Photo/Illutration Hand-sanitizer dispensers are now a common sight. (The Asahi Shimbun)

MATSUE--A 5-year-old girl fell unconscious from acute alcohol poisoning after she licked sanitizer sprayed on her hands to prevent novel coronavirus infections at a nursery school, officials said.

The girl has since recovered and been discharged from a hospital, but her case caused quite a scare and prompted precautions in using alcohol-based sanitizers among children.

The incident occurred on the afternoon of March 28, according to the Unnan city government in Shimane Prefecture.

The girl, who was at the nursery school at the time, said she felt dizzy and could not stand up. Her parents were contacted, and they took her to a hospital in the city.

Although she was treated with an intravenous drip and other methods, she became unresponsive at the hospital.

She was taken to Shimane Prefectural Central Hospital in Izumo, and arrived there unconscious, officials said.

Doctors were unable to find anything abnormal in her tests, including a magnetic resonance imaging (MRI) scan, that could explain her condition.

She regained consciousness at 9:30 p.m. that day. She said she had licked alcohol-based sanitizer on her hand during nap time at the nursery.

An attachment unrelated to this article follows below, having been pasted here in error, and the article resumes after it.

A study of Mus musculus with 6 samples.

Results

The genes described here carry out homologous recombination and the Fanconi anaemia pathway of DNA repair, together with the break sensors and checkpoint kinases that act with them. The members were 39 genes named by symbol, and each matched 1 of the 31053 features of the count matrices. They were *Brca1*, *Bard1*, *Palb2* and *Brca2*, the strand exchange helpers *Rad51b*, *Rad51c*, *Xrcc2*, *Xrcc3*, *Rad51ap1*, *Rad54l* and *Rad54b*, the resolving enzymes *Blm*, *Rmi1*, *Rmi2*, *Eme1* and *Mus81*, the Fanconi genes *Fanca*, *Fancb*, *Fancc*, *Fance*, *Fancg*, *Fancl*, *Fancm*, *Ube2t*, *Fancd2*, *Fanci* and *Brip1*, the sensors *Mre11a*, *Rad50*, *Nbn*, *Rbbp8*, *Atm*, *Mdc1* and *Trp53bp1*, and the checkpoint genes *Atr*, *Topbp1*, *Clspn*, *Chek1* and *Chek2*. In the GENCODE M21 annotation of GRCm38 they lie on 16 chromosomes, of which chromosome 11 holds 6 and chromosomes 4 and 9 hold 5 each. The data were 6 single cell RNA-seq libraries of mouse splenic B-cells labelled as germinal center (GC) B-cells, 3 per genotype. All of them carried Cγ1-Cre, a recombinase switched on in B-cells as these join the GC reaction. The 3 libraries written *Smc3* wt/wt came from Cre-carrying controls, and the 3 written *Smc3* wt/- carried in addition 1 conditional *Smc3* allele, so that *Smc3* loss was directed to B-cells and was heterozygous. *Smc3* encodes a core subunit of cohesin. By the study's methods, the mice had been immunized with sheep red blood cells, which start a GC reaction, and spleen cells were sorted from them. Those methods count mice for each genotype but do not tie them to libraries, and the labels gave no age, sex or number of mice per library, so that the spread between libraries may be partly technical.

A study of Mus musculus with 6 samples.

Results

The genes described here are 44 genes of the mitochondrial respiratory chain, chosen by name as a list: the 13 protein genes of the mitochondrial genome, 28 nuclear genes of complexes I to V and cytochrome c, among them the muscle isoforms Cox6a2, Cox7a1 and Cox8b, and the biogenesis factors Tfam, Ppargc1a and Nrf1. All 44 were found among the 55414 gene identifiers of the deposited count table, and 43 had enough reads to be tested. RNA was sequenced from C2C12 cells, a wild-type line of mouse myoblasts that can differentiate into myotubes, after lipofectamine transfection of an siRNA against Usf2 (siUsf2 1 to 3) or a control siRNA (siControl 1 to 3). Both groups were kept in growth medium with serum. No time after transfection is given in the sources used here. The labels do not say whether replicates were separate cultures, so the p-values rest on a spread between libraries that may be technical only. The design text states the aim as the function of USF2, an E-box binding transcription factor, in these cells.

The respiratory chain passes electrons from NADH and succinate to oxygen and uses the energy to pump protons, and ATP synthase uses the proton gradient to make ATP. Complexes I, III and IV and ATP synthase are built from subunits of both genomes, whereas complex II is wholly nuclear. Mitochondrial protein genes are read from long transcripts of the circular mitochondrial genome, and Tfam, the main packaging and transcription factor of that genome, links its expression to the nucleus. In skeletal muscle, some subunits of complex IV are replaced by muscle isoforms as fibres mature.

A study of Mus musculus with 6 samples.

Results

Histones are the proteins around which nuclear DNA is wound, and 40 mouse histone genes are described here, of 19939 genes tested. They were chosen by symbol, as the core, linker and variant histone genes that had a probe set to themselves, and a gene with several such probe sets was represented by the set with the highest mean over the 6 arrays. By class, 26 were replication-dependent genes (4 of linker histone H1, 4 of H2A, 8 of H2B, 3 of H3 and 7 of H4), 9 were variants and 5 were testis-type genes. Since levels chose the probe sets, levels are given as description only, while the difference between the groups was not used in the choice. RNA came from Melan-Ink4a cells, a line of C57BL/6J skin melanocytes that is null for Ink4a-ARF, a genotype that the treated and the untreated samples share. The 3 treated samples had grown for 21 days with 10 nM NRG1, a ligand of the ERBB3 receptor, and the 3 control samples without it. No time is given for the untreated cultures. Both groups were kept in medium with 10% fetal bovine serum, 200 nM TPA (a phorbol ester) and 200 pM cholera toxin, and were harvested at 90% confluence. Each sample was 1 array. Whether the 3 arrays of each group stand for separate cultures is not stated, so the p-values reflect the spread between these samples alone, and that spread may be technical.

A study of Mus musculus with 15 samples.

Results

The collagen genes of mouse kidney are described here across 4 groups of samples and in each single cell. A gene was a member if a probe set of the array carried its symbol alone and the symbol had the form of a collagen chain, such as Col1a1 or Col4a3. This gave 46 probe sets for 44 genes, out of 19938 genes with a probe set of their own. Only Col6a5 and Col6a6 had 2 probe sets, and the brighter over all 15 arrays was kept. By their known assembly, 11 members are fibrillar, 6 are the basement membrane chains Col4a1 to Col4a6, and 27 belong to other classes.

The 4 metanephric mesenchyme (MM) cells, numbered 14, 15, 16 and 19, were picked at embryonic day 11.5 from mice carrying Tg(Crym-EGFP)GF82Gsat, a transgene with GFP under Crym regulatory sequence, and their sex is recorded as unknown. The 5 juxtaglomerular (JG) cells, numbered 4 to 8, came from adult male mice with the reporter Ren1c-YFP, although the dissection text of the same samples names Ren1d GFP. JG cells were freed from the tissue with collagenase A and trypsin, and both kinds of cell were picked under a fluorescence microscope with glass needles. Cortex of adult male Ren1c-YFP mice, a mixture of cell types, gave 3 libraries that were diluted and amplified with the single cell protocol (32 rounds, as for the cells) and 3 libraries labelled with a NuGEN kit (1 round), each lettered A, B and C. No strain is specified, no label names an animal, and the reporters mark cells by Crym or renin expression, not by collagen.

Doctors then found her blood-alcohol concentration level was quite high, at 120 milligrams per 1 deciliter. She was diagnosed as suffering from acute alcohol poisoning.

Tomohiro Hirade, a pediatrician at the hospital who saw the girl, said although the amount of alcohol that causes acute alcohol poisoning depends on a person’s weight, the girl could have consumed between 30 and 50 milliliters of alcohol because she said she had licked the sanitizer around 10 times.

The girl also said she had sniffed or licked the sanitizer before.

“Children might put hand sanitizer in their mouths because they may be curious about its smell or taste,” Hirade said. “It is necessary to disseminate the information that even a small amount of hand sanitizer could make children suffer from alcohol poisoning.”

Acute alcohol poisoning can damage the liver, lower blood-sugar levels and even lead to death.

The nursery school had allowed children aged 4 or 5 to freely use the hand-sanitizer dispenser after they learned how to operate it.

The day after the incident, the Unnan city government instructed all nursey schools in the city to keep alcohol-based hand sanitizer out of the reach of children and allow them to use it only under the supervision of staff members.

The Japan Poison Information Center in Tsukuba, Ibaraki Prefecture, says it received between 49 and 56 reports a month of poisoning from ethanol-based disinfectant from February to April 2020, when the novel coronavirus was spreading.

The figures were roughly twice those for the period through January 2020.